CORAC Education Card: English Language

Posted on 2023-05-10

  • Thorough study of English grammar and composition prepares the student to intelligently analyze reading material and to produce effective written communication of various types in adult life.
  • Begin Grammar and Sentence Diagramming when the student can read well (pretty much whatever you put in front of them), and write competently (handwriting is relatively neat and efficient), typically around 3rd grade. Assign 6+ sentences/day to diagram.
  • Sentence diagramming helps visual/artistic children learn grammar because they are “drawing” the sentences.
  • Students who are analytical/mathematical can approach sentence diagramming like a puzzle or problem to solve.
  • Spelling practice is studied concurrently, until mastered.
  • Study of Poetry and/or Catholic hymns is also important for building analytical skills for language.
  • Begin Composition when sentence diagramming is mastered, and continue throughout high school.
  • Give one or two writing assignments per week, using prompts from literature or subjects the student is currently reading/studying. Writing is easier when the student writes about a topic of interest or a book they enjoy. 
  • Some students struggle to get their thoughts organized and translated to written words on a page. Helpful strategies: dictate ideas to another person (possibly prompted by questions); use speech-to-text or audio recording technology.

Grammar and Sentence Diagramming Sequence

  • Introduce the parts of speech. Can use Mad Libs for fun practice.
  • Basic sentence diagramming: subject, verb, direct object, indirect object, adjectives/articles.
    Helpful acronym: “SAD” = Subject – Action – Direct object
  • Intermediate sentence diagramming: prepositional phrases, adverbs, linking verbs, etc.
  • Complex sentence diagramming: compound sentences, etc.
  • Include all types of sentences: declarative, exclamatory, interrogatory, imperative.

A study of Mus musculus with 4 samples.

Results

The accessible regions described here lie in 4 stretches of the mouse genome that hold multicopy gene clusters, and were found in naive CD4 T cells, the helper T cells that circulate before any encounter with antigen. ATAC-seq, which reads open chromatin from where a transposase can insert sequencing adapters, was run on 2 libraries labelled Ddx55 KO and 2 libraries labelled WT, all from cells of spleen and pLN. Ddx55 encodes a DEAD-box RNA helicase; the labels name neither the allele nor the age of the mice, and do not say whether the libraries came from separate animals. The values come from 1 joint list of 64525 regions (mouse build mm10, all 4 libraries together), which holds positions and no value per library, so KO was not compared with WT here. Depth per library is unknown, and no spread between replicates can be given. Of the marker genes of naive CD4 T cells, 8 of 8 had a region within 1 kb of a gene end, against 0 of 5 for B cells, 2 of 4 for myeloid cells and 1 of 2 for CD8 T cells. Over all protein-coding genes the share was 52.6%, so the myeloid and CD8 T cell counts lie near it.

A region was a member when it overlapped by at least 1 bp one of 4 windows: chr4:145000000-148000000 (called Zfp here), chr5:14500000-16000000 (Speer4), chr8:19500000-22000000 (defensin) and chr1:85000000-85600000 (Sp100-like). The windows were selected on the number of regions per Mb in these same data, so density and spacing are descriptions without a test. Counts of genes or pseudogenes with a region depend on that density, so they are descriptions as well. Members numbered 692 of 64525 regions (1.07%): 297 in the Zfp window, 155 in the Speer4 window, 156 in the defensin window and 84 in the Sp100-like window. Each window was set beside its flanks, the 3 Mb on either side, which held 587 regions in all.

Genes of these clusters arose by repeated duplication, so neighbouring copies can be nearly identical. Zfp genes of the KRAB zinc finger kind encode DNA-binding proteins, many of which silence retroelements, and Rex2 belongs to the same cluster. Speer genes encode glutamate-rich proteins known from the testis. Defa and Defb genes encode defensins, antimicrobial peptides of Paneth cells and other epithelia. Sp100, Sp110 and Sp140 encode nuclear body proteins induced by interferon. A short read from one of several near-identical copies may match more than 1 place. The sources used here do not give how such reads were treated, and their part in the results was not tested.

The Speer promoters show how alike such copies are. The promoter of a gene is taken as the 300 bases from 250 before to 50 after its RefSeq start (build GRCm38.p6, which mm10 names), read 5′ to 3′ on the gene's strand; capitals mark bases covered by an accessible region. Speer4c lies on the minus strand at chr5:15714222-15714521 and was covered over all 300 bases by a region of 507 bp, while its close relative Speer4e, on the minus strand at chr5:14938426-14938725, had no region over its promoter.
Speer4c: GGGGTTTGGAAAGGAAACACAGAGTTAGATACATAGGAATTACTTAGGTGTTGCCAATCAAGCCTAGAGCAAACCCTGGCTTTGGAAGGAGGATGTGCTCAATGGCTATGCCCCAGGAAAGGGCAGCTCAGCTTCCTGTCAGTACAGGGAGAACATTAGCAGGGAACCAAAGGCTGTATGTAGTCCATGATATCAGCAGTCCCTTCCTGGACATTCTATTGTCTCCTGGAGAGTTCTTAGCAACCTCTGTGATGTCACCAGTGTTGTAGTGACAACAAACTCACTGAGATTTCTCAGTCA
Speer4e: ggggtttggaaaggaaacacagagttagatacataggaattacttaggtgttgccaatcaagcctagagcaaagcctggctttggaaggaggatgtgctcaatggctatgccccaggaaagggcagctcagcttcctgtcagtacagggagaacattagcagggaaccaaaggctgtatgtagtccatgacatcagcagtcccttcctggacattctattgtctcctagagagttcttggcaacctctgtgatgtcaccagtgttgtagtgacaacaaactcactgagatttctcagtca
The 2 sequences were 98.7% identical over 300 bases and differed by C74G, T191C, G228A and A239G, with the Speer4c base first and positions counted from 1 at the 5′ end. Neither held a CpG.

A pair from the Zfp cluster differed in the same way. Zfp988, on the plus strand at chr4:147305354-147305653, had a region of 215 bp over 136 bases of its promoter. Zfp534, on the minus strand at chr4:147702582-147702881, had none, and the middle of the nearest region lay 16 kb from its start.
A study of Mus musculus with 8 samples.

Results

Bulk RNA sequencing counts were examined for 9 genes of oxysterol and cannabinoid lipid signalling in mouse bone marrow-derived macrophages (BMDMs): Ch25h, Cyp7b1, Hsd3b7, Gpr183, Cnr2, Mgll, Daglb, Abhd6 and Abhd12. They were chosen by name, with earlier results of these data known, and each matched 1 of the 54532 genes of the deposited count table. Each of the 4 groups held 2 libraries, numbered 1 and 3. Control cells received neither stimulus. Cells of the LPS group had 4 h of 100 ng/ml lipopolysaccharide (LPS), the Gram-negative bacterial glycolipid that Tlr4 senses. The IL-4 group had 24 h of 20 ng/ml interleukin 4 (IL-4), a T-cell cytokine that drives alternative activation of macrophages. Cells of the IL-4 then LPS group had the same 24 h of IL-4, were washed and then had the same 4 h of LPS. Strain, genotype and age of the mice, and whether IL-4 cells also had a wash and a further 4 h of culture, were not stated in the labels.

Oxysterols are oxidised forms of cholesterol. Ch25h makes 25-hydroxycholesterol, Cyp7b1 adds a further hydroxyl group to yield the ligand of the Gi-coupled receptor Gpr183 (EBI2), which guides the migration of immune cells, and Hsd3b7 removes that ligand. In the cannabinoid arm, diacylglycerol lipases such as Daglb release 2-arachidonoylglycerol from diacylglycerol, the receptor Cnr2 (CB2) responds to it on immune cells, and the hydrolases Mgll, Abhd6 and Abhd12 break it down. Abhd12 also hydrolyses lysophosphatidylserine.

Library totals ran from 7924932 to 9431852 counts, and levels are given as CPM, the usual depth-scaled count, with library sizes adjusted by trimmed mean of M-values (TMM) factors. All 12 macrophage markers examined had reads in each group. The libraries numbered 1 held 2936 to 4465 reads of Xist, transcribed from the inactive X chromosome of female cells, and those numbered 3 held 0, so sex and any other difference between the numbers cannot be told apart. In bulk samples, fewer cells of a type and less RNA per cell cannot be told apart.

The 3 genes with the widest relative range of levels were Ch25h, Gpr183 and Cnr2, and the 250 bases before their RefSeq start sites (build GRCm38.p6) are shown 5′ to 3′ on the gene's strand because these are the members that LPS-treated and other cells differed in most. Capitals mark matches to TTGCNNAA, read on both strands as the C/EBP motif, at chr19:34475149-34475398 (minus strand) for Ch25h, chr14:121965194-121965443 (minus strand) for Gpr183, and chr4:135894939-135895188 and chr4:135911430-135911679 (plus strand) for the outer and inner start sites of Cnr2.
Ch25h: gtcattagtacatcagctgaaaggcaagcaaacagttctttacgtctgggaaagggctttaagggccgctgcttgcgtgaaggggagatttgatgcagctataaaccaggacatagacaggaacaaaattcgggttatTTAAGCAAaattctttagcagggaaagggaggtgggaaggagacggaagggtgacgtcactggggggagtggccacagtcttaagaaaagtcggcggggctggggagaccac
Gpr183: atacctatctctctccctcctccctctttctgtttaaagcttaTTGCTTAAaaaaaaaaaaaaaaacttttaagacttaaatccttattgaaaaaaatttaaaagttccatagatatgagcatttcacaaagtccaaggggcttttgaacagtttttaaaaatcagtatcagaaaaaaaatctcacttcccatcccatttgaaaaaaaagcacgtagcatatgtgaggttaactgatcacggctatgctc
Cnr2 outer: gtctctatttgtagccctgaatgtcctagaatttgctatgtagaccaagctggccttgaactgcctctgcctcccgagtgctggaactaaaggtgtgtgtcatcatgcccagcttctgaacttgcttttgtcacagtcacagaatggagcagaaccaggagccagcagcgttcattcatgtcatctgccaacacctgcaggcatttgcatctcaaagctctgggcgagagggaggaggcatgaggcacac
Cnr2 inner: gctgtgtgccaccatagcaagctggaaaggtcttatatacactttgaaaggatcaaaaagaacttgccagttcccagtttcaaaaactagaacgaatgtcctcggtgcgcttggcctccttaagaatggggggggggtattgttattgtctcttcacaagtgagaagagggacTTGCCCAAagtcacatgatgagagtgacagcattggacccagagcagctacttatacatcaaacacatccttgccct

Composition Sequence

  • 5-sentence paragraphs (see format below)
  • 3-paragraph essays (see format below; use paragraphs 1, 2, 5: use only one supporting point or detail)
  • 5-paragraph essays: argumentative, expository, narrative, descriptive (see format below)
  • Practical writing: business letter, friendly letter, invitation, address an envelope, resume, etc. 
  • Teach other formats that make sense for the student: journaling, blog posts, poetry, research papers, book reviews, how-to’s, etc.

Standard Paragraph Format

  • Sentence 1: introductory sentence stating a topic or thesis.
  • Sentences 2-4: one supporting point or detail per sentence.
  • Sentence 5: summarize sentences 1-4 (for essay, state thesis).

Standard Essay Format

  • Paragraph 1: introduction; use standard paragraph format above, ending with thesis statement in place of summary sentence.  
  • Paragraphs 2-4: restate each point and support it (one point per paragraph).
  • Paragraph 5: Restate/summarize 3 points; end with final thought.

English Language Resources

  • Teaching Writing: Structure and Style,, comprehensive homeschool curriculum with lots of guidance for parents.
  • Daily Grams, Easy Grammar Systems, by Wanda C. Phillips  
  • Warriner’s English Grammar and Composition: sentence diagramming, many writing formats, comprehensive reference.
  • The Winston Grammar Program is a multi-sensory grammar and sentence diagramming resource:
  • Harbrace College Handbook 10th Ed., Hodges and Whitten: comprehensive reference for highschool through adult.
  • A Manual for Writers, by Kate Turabian (Available at Seton Press)  
  • The Secret Code of Poetry, Johnson (
  • Spelling Power: one book for all grades; word frequency lists; constant review of words student struggles with.
  • Sequential Spelling: Teacher’s Guide Revised Edition (Levels 1-7), Wave 3 Learning; even doing just the first level is worthwhile.